City Gets Bad Grades on Pro-Tenants’ Laws Implementation

Johana Ibarra, a Lower Manhattan building resident, asked the city for more action against abusive landlords. (Photo via El Diario)

In 2017, the City Council approved a legislative package seeking to protect New York against the use of such illegal tactics as construction work by landlords seeking to harass, intimidate, frustrate and ultimately remove vulnerable tenants.

Although on paper the initiatives promised to be useful tools to guarantee tenants’ rights, the city’s implementation has been patchy, according to a report card unveiled on Thursday by the City Council’s Progressive Caucus and the Stand for Tenant Safety (STS) coalition. The report is the result of an analysis of the implementation of 12 new laws, as well as an additional law about the creation of a tenants’ advocate.

“This new report card details what we’ve already been hearing from residents throughout our districts – the city is not providing the enforcement we need for our tenant protections laws to be effective,” said Council member Carlina Rivera, who represents Lower Manhattan, an area where tenants’ complaints of construction work in their buildings abound.

“It’s been two years since these game-changing laws passed, and still a third of these measures received a D or F grade for enforcement. That is unacceptable, and I call on this administration to provide the resources our tenants need, including providing higher staffing levels for the Real Time Enforcement Unit and the Office of the Tenant Advocate.”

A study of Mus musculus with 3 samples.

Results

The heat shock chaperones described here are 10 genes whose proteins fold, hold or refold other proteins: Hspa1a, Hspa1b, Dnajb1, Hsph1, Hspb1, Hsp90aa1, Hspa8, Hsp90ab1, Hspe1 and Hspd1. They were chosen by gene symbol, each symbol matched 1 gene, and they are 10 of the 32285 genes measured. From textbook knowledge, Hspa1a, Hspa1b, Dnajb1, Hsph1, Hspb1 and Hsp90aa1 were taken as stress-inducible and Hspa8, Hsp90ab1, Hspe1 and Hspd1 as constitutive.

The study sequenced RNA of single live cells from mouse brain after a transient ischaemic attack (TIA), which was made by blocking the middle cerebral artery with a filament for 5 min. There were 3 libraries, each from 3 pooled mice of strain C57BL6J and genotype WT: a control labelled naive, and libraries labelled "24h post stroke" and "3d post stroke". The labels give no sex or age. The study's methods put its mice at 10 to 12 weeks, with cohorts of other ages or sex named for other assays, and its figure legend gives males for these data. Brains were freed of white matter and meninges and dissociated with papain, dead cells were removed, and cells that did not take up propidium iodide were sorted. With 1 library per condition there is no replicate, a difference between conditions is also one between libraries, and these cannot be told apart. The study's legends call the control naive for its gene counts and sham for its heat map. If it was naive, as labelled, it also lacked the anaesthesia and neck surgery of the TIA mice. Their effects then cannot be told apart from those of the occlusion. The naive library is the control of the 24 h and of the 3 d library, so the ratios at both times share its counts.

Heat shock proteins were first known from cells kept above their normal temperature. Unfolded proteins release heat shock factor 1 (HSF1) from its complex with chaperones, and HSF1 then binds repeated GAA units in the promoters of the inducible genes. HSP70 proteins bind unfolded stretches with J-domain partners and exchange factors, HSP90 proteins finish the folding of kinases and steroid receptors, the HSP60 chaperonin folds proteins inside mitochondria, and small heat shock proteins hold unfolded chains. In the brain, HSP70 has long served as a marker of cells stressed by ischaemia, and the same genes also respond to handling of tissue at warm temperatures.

(…) “We passed these laws to ensure repeat offenders who don’t pay fines were punished. It is a shame that a year later the city is yet to begin implementing these laws,” said Ben Kallos, co-chair of the Council’s Progressive Caucus. (…)

“Construction as harassment is widespread in New York City, and the [Department of Buildings] must take the lead in protecting tenants against predatory landlords,” said Helen Rosenthal, member of the Progressive Caucus.

The new laws include reforms on practices in the departments of Buildings and Finance, including a tenants’ protection office, and a Real Time Enforcement Unit, as well as an increase in fees and penalties for bad landlords. However, only two laws obtained an A grade, and another two a B. Of the remaining laws, five got a C grade, two a D and another two got an F.

Johana Ibarra, a Lower Manhattan building resident, asked the city for more action against abusive landlords.

“We have been living for more than 20 years in this apartment, and the landlord is not fulfilling his responsibilities and has abused us, so it would be good to have more protections,” she said.